Flakes on a planeWritten by Michael Miller | Editor in Chief Emeritus | firstname.lastname@example.org
The Uncertainty Principal, which states that an object being observed is often altered by the presence and method of the observer, does not seem to apply on airplanes.
I have seen more aberrant human behavior on airplanes than I did in such extreme
environments as college, the White House and Walt Disney World, where giant rats with four-fingered white gloves march happily alongside some dogs who can talk and some who cannot.
But airplanes, those social laboratories at 36,000 feet, inspire the oddest behavior, from people who just do not care who sees what they do. Maybe it’s a natural reaction to hurtling above the clouds in a flying tube that defies gravity, with one’s life in the hands of a pilot and crew one has not met and has no sway over.
I was once seated on an airplane next to a man who, halfway to San Francisco, began flossing his teeth. I must have looked as perturbed as I felt, because he stopped in mid-floss and asked me, “Does this bother you?”
“Yes. Yes it does,” I said.
He shrugged and put away his floss, with a look that suggested I was way too uptight.
If not wanting to be showered in chewed, soggy food particles makes me uptight, hand me a lump of coal and I’ll get started on that diamond.
During a flight to Fort Lauderdale last year, the plane hit turbulence and started to buck and toss like a small boat riding large waves. The captain assured us there was no danger, but as he ended his announcement, we dropped what felt like seven stories and he broadcast a spontaneous expletive that mirrored the passengers’ bowel-emptying reaction.
At that point, a flight attendant sat down among us, buckled up and began saying The Lord’s Prayer, which undermined the tiny bit of remaining confidence we had in living through the flight.
The plane eventually stabilized, but we were looking aghast at the panicky flight attendant, who was whisked to the back of the plane and not seen for the rest of the flight.
Flying to Miami for a family Thanksgiving celebration, I watched a man with a peculiar habit. He was in the first row of seats behind First Class, which was separated from us bohemians in Coach by a thin, transparent curtain. Every time an airline employee would pass trough the curtain and pull it closed, the man sitting in Coach would reach over and pull it open about 6 inches.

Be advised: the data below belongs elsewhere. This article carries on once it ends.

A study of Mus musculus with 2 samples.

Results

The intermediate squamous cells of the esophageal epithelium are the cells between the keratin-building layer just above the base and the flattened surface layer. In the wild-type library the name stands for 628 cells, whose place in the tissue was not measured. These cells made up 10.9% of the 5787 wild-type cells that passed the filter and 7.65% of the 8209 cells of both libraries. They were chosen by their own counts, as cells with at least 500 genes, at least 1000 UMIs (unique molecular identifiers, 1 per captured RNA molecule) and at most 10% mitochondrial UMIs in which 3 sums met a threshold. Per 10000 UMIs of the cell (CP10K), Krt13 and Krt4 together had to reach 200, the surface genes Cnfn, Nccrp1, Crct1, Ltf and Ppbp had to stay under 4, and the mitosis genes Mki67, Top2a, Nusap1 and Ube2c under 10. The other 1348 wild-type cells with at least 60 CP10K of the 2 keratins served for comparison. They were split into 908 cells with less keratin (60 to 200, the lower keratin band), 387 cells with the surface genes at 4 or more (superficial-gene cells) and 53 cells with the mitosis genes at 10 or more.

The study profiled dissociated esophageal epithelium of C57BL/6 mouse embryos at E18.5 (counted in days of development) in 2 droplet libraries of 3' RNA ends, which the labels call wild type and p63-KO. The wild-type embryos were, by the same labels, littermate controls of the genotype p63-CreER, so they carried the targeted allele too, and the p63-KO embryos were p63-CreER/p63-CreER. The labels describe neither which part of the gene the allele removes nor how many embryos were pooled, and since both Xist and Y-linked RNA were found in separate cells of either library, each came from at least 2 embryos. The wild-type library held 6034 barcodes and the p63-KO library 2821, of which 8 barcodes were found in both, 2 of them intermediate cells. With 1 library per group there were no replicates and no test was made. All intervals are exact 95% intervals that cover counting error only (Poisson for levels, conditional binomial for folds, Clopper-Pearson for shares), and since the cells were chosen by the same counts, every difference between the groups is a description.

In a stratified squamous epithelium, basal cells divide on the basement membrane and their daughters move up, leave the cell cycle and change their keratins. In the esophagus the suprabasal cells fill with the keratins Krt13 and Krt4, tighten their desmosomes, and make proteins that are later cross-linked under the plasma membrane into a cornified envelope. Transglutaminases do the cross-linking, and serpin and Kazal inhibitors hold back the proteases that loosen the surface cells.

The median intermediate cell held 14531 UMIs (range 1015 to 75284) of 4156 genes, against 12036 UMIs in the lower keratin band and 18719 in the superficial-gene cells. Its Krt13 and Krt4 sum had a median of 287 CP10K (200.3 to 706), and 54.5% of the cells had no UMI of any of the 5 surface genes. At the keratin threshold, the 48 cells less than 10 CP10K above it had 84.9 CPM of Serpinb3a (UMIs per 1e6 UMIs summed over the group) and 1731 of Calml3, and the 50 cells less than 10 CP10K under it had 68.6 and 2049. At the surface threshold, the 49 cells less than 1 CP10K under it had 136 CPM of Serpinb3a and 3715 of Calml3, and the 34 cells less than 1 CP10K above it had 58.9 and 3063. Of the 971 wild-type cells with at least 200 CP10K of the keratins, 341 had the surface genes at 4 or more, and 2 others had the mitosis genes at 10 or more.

I’m sure he thought he was the essence of stealth, but by the midpoint of the flight, several of us were smiling at each other, watching him compulsively open the curtain. He must have done it 40 or 50 times; two men behind me made a drinking game of it and were in no shape to drive by the time we landed.
I wondered if he was checking to see what goodies the First Class folks were receiving, or if he was debating slipping through the curtain and into an empty seat, mustering all of his stealth, which I would rank on a scale between a 4-year-old with pots and pans and a diesel engine running without oil.
In the row to my front right, a man slowly ate from a box of Wheat Thins. His wife was reading a book beside him. At one point, she fell asleep, and he unbuckled his belt to walk to the lavatory. He hesitated, set the Wheat Thins down, started to walk, then returned, picked up the box and took it with him to the restroom.
Did he so mistrust his wife with the snack that he’d rather take food into one of the most foul places imaginable, an airplane toilet, than to leave them with her?
Ah, sweet mysteries of life.
When we landed and I walked to baggage claim, a man was explaining to passengers arriving from Wisconsin that a man had tried to ship fresh deer meat in a duffel bag, which leaked blood all over everyone else’s luggage.
People were understandably upset by this news, and I wonder if the deer hunter escaped in one piece.
It’s not cheap entertainment, but for studying human behavior, there is no uncertainty — it beats the mall hands down.
Michael S. Miller is editor in chief of Toledo Free Press. He may be contacted by phone at (419) 241-1700 or by e-mail at mmiller@ toledofreepress.com.